Why is eye health important?

18 February 2013


We’re all aware of the need for exercise and healthy eating - they’re absolutely vital when it comes to keeping our bodies working properly and staying fit. However, there are some aspects of our personal health care that are easier to ignore, only facing them when we come across a problem.

Eye care is one such area, with most of us assuming that as long as we can see reasonably clearly then everything must be fine. While there are many ways that issues with eyesight can be corrected or managed (with medication, glasses or contact lenses, or perhaps even the slightly more costly option of laser eye surgery), clearly it would be preferable to try and prevent the onset of such things in the first place. Here are some key things to remember:

Most problems with your eyes will not cause them to hurt. Yes, you may experience headaches if you’re straining your vision regularly but your eyes themselves won’t hurt, so you may not connect the two things immediately. Some illnesses, such as diabetes and glaucoma, can impact on your eyesight and for many of us our vision will deteriorate over time as well. Therefore, having your eyes tested regularly is very important. The NHS recommends that both children and adults visit an optician every two years, though this may be more frequent in certain circumstances.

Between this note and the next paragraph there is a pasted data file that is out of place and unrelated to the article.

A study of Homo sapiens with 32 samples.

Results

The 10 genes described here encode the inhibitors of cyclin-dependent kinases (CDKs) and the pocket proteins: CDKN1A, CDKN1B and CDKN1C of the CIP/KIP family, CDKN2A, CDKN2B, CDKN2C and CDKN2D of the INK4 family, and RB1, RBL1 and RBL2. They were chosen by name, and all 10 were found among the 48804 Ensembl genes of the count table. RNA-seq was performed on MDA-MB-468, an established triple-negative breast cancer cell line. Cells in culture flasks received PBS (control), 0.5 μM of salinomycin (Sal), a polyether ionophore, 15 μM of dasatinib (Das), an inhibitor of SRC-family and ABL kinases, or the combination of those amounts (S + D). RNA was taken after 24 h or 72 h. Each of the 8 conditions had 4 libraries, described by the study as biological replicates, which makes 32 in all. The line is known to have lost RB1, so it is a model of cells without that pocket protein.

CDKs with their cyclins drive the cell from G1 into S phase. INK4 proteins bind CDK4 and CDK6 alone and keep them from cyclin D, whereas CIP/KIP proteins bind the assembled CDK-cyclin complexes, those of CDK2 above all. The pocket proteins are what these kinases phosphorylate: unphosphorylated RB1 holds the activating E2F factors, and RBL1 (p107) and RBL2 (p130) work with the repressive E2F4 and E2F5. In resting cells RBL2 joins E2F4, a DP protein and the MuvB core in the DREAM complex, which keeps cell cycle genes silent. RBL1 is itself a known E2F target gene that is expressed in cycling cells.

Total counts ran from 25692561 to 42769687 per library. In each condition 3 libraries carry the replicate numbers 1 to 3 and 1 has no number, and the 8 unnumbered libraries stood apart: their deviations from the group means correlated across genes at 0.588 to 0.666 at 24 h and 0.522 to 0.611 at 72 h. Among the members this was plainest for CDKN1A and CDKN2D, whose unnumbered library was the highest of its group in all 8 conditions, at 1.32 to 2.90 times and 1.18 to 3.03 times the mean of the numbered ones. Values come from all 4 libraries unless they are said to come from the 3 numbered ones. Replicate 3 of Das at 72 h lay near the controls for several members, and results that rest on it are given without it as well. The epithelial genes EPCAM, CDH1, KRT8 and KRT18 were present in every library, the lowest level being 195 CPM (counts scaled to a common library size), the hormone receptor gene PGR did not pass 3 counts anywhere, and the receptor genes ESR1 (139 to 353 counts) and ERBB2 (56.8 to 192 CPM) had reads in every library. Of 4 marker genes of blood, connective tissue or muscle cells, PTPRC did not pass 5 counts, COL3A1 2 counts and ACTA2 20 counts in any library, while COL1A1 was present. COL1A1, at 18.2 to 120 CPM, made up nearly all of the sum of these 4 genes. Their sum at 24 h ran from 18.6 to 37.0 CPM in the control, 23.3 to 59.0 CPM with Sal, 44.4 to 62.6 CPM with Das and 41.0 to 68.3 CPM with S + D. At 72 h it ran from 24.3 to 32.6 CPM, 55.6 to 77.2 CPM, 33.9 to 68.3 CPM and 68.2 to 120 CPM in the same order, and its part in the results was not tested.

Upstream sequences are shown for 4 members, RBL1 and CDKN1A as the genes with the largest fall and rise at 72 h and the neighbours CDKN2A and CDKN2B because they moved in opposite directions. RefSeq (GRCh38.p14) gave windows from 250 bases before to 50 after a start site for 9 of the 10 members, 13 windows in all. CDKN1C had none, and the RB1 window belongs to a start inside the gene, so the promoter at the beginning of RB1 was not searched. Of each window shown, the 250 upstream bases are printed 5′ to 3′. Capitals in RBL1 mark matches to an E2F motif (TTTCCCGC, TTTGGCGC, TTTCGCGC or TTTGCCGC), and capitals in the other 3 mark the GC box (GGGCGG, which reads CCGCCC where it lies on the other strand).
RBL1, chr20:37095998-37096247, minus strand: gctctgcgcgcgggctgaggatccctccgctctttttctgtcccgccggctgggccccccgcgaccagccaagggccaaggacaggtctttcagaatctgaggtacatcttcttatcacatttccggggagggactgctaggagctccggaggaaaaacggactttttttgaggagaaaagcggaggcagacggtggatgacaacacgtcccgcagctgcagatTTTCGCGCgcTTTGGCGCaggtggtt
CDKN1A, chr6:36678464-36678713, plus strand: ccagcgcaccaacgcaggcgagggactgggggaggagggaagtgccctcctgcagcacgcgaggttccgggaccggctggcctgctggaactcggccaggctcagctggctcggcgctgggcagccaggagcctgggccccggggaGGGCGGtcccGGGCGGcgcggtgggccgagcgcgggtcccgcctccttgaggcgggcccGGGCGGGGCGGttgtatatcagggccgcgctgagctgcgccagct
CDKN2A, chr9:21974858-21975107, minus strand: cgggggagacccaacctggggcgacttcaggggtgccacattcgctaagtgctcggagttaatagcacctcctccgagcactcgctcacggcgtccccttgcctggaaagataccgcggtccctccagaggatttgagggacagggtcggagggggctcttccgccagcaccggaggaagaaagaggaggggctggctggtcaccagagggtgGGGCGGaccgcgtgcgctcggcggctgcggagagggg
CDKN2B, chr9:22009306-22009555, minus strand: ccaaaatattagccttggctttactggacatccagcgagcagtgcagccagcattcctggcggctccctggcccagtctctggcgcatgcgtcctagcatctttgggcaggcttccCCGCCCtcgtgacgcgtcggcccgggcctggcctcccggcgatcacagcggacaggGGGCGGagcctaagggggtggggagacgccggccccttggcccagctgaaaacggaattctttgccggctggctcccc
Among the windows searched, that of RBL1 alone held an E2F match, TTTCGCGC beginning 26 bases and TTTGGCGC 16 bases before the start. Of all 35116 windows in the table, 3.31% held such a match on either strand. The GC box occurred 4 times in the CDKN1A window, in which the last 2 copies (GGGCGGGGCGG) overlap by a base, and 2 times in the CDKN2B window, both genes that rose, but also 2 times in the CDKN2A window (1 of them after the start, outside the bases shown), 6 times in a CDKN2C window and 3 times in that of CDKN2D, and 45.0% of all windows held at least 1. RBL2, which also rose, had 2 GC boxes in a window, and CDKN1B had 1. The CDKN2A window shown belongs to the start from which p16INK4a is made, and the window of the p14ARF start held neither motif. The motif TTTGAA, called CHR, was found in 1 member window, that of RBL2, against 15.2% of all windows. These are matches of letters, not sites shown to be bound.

It is possible to diagnose many other illnesses - or at least to raise concerns - simply by looking at a patient’s eyes. The health of your eyes can potentially be used to spot issues as diverse as brain tumours, high cholesterol, high blood pressure, and liver disease, as well as those conditions more readily associated with eyes such as glaucoma. If you are visiting your optician regularly, they may well be able to alert you to abnormalities and suggest you get referred for testing and in some cases this could, quite literally, save your
life.



Good vision contributes in many vital ways to learning and the development of other skills, such as those required for sport. A lifetime of undiagnosed vision problems can impact on your performance at school and work, delay the acquisition of fine and gross motor skills and generally impede your physical and academic progress. Whilst it might seem melodramatic to say that getting your eyes tested regularly from an early age could change your life, for some people this is actually the case.

There are a variety of statistics available about how we form our opinions of people in various situations (through body language and tone of voice, as well what we actually say) but everyone agrees on the importance of eye contact. If you are confident in the appearance of your eyes and their ability to function well, this will be evident when you interact with people and you will automatically come across as more open, friendly and knowledgeable. Avoiding eye contact, either because you don’t like how your eyes look or because you can’t rely on them to transfer information to your brain accurately, could unfortunately cause people to think that you are shy, uncomfortable or downright shifty. Luckily, you need never experience it, because if you look after your eye health, your eyes will look after you!